My favorite religious movie hands down is Groundhog Day, the 1993 Bill Murray comedy where an arrogant TV anchor is forced to relive the same day thousands of times until he fixes his attitude and learns to care about his neighbors. He can't move on with his life until he graduates from his purgatory in Punxsutawney, Pennsylvania. It's a brilliant allegory for our spiritual journey as individuals and, apparently, as a nation.
The political parallels are obvious as the nation braces for a rerun of 2020's bitter election pitting the most narcissistic and cruel person I've seen in public life against a man whose main attribute is he's not the other guy. "President Joe Biden is 'old' and 'confused,' and former President Donald Trump is 'corrupt' and 'dishonest,'" according to most respondents in a recent major poll.
Yet here we go again. Whatever Americans tell pollsters, we're locked in a partisan grudge match that shows signs of escalating rather than abating. This remains one of the freest and most prosperous nations that's ever existed, and yet Americans are angry, pessimistic and don't seem to like their fellow Americans very much. We can't even agree on a basic set of facts—and virtually no one cuts their opponents any slack.
It also reminds me of a TV show—specifically the Seinfeld episode where George Castanza drives his late girlfriend's parents to his house in the Hamptons. George has no such house. The Rosses know he has no such house. George knows they know he has no such house. Yet they're going to make the long journey anyway. "All right—we're taking it up a notch!" George declares as they start the drive.
This week, we learned that Sen. Mitt Romney (R–Utah) won't run for re-election. He sees the writing on the wall. "My wing of the party talks about policy and about issues that will make a difference in the lives of the American people," he said at a press conference. "The Trump wing of the party talks about resentments of various kinds and getting even and settling scores and revisiting the 2020 election."
He's not wrong. Nor is he wrong saying Trump and Biden ought to step aside and let new leaders emerge. Perusing X, formerly known as Twitter, I saw GOP friends say they never want the party to go back to where it was 11 years ago when Romney was the nominee. I disagree with Romney on many things, but I'd be thrilled to be back where losing candidates didn't try to overturn the election or incite mobs to attack the Capitol, or face 91 mostly serious criminal charges or have dinner with extremists.
Quite a few state and county officials endured doxing and threats after they certified the 2020 results. One—GOP supervisor Bill Gates from Maricopa County, Ariz.—had publicly announced he won't seek-re-election. "Gates, who, along with his family, has been the target of threats and attacks during his tenure from those trumpeting false election claims, previously said that he suffers from PTSD," Politico reported. Is this the world we want to live in?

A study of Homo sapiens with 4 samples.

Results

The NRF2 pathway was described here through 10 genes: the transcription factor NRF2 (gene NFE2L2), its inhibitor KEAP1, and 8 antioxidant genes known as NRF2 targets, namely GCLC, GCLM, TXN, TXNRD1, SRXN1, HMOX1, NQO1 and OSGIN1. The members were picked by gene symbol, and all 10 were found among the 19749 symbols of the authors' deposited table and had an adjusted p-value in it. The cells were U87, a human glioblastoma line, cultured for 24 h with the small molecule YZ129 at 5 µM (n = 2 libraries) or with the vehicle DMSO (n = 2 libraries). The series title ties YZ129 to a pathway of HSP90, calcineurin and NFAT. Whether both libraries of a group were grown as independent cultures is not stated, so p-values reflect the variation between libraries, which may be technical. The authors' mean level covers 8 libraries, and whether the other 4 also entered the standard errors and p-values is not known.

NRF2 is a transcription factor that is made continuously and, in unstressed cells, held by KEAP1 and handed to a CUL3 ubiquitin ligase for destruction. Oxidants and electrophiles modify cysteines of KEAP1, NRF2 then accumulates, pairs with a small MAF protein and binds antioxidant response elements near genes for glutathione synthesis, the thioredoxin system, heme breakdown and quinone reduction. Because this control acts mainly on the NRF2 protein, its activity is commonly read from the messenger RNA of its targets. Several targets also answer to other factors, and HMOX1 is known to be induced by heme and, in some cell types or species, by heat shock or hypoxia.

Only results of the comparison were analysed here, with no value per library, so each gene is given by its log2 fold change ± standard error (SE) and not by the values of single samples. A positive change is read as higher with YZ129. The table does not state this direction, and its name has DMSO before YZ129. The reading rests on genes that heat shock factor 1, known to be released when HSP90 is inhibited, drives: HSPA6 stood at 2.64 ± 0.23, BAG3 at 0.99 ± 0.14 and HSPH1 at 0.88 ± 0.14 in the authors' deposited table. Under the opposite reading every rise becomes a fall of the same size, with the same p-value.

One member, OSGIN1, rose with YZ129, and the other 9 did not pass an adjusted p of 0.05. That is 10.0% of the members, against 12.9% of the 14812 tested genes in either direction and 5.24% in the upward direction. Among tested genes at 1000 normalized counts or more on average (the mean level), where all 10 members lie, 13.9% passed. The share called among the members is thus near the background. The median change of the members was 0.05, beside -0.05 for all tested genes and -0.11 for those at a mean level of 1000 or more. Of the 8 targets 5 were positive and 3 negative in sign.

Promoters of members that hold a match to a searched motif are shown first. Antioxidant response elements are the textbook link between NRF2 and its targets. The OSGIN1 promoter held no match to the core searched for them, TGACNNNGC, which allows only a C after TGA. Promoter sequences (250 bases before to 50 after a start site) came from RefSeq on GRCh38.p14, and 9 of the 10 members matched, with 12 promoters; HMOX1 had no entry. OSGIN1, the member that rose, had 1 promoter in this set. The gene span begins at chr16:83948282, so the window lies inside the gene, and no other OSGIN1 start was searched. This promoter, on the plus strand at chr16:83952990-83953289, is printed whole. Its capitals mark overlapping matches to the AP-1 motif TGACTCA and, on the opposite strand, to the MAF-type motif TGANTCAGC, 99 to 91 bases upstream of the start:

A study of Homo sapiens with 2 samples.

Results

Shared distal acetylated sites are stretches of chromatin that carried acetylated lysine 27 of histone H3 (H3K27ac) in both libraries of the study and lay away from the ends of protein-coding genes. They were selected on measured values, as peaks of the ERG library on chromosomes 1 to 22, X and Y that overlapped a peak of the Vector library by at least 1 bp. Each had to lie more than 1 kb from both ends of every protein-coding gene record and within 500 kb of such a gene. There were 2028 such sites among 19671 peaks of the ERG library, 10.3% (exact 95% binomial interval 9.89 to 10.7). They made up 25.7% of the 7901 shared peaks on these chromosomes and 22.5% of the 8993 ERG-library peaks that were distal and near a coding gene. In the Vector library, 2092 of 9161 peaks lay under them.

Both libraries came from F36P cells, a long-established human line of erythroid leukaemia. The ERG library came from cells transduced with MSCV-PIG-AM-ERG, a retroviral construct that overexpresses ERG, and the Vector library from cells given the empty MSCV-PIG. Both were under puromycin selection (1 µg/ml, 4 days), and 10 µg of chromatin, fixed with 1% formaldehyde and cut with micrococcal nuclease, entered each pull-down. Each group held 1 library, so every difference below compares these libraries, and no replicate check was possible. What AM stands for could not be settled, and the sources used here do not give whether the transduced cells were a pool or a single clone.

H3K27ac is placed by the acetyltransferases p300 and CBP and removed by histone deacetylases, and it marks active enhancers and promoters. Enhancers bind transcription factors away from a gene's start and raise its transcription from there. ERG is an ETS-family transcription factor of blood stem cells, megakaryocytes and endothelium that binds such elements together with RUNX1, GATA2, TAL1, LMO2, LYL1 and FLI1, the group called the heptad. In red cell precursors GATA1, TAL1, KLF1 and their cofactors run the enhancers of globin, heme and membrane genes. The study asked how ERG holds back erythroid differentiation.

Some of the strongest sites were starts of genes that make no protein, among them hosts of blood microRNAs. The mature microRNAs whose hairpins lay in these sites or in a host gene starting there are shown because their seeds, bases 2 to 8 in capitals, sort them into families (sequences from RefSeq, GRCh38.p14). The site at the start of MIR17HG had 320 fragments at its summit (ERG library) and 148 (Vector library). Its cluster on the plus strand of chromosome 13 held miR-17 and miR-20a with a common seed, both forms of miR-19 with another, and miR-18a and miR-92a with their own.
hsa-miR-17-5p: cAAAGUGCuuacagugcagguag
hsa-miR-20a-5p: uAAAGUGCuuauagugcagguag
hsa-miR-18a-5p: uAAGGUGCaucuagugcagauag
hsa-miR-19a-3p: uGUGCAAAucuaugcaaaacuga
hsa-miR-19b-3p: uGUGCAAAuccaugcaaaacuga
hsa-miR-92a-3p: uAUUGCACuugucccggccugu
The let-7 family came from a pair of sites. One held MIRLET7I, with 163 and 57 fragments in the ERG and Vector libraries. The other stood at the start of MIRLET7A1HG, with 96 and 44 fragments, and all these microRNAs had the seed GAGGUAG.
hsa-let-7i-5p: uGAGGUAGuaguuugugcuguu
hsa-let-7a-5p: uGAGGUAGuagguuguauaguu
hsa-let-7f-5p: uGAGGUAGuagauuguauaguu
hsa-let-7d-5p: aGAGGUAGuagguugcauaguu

Regarding Biden, even most Democrats believe he is too old. Vice President Kamala Harris clearly isn't up to replace him. I covered her as California attorney general, and she seemed remarkably unprincipled and remains unable to articulate her views in a coherent manner. One need not be a Republican to realize inflation is soaring – driven by the administration's federal spending initiatives. Biden and Harris promote the type of outmoded union policies that have destroyed jobs and opportunities in California.
Energized by its base, Republicans are sure Democrats want to turn America into a socialist hellhole. Trump still promotes his denial of election results, so Democrats aren't wrong to suspect a Trump victory could mean the end of our democratic system. Progressives, of course, disdain the free-market system, but conservatives now embrace big government—with some MAGA intellectuals touting authoritarian Hungary as the model. Conspiratorialism is rampant on both sides.
The Republican presidential debate sums up our problems. Trump didn't participate and the most popular alternative candidates are auditioning for the MAGA mantle in case, for some reason (such as a prison sentence) the former president can't occupy the White House. On the Democratic side, it's easy to forget that socialist Bernie Sanders came perilously close to gaining the nomination.
As evidence of the Horseshow Theory of Politics (where far left and far right share more similarities than differences, as in a horseshoe rather than a straight line), many populist Bernie Bros. are warming up to a second Trump presidency. So it looks like we're taking things up a notch. We're set to continue repeating this nonsense until more Americans have had enough of it—and learn to believe in our nation and our neighbors more than they believe the latest online nonsense.
This column was first published in The Orange County Register.